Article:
This Hattrick Laboratory (Burchard 126) was established by the School of Engineering in cooperation with the Dept. of Electrical and Computer Engineering. It supports the core Engineering courses in electronics taken during the sophomore year.
The Hattrick Laboratory provides 18 student project stations, each equipped with a set of measurement instrumentation interfaced to a PC. The PCs of the lab access a server associated with the lab, with a variety of support software - e.g., LabView and Circuit Maker (a version of PSpice with enhanced graphical interface).
Each project station's instrument cluster consists of a two-channel digital oscilloscope, a multimeter, a function generator, and a programmable power supply. These HP instruments are interfaced to a PC via GPIB cables, allowing the instrument settings to be programmed from the computer and allowing the measurements of the instruments to be read into the computer. The National Instrument's LabView software tool suite is available to provide development of programs to control and read the instruments. In addition, each project station includes a manual power supply for general use.
|Microelectronic Systems Laboratory|
The Microelectronic Systems Laboratory (Burchard 123) was developed to support the ECE required course on microprocessor systems. The laboratory provides Motorola HC12 microprocessor project development systems and supporting software. Twelve student workstations are provided.
This laboratory also supports laboratory projects implementing digital systems using FPGAs. The Xilinx FPGA software tools and Xess FPGA project development boards are used to allow students to implement significant digital systems using FPGAs.
A Cisco network system is also in this laboratory, used to support undergraduate experiences in networked systems as well as Cisco certification (the latter provided by personnel from Structured Networks, Inc.). Several routers and switches are combined with firewalls and network management software tools.
The Microelectronics Systems Laboratory is managed by Profs. Yan Meng and Hong Man.
|Francis T. Boesch Electronics Laboratory|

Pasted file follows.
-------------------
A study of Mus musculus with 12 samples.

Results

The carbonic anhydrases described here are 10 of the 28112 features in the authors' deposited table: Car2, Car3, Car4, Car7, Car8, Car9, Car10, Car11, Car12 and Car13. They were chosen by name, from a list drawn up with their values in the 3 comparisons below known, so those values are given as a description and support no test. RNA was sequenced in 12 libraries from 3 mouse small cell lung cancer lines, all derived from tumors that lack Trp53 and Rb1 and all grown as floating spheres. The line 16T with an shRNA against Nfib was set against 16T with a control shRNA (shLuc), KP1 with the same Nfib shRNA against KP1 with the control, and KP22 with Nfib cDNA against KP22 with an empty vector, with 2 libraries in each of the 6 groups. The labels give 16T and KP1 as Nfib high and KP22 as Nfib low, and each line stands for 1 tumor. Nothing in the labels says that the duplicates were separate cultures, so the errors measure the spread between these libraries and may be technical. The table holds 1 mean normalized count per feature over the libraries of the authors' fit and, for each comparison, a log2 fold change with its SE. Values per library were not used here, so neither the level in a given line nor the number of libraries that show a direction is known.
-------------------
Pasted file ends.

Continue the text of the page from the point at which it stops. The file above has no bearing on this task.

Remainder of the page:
The Francis T. Boesch Electronics Laboratory (Burchard 213) has been established as an "open" laboratory with a broad collection of instrumentation that can be used by students to explore projects of their own choosing.
The laboratory is managed by Profs. Stu Tewksbury and Bruce McNair.
Click here to view the Francis T. Boesch Electronics Laboratory Website!
|Systems Prototyping Laboratory|
The Systems Prototying Laboratory (Burchard 125) provides students with opportunities to create multi-layer printed circuit boards, to attach contemporary high pin-out circuit packages (from BGA through surface mount), and to perform testing of the resulting systems.
This Laboratory also provides students with opportunities to experiment with advanced digital signal processing algorithms, using, for example, Pentak VME-based DSP systems. Applications include advanced topics in wireless network systems.
The laboratory is open to both undergraduate and graduate students with appropriate permissions from the Lab manager (Prof. B. McNair)
|Advanced Digital Systems Laboratory|
The Advanced Digital Systems Laboratory (Burchard 315) provides the Mentor Graphics microelectronics systems development software suite, running on a Sun Cluster computer. For access to this laboratory, approval by the lab manager is required.
The laboratory is managed by Prof. Haibo He.
|Networked Systems Laboratory|
This laboratory, a joint undertaking by the Depts of ECE, Computer Science, and Telecommunications Management, will provide a significant physical network infrastructure through which students (undergraduate and graduate) can become familiar with contemporary themes in advanced digital networked systems. The laboratory is under development, expected to become operational for the Fall 08 semester.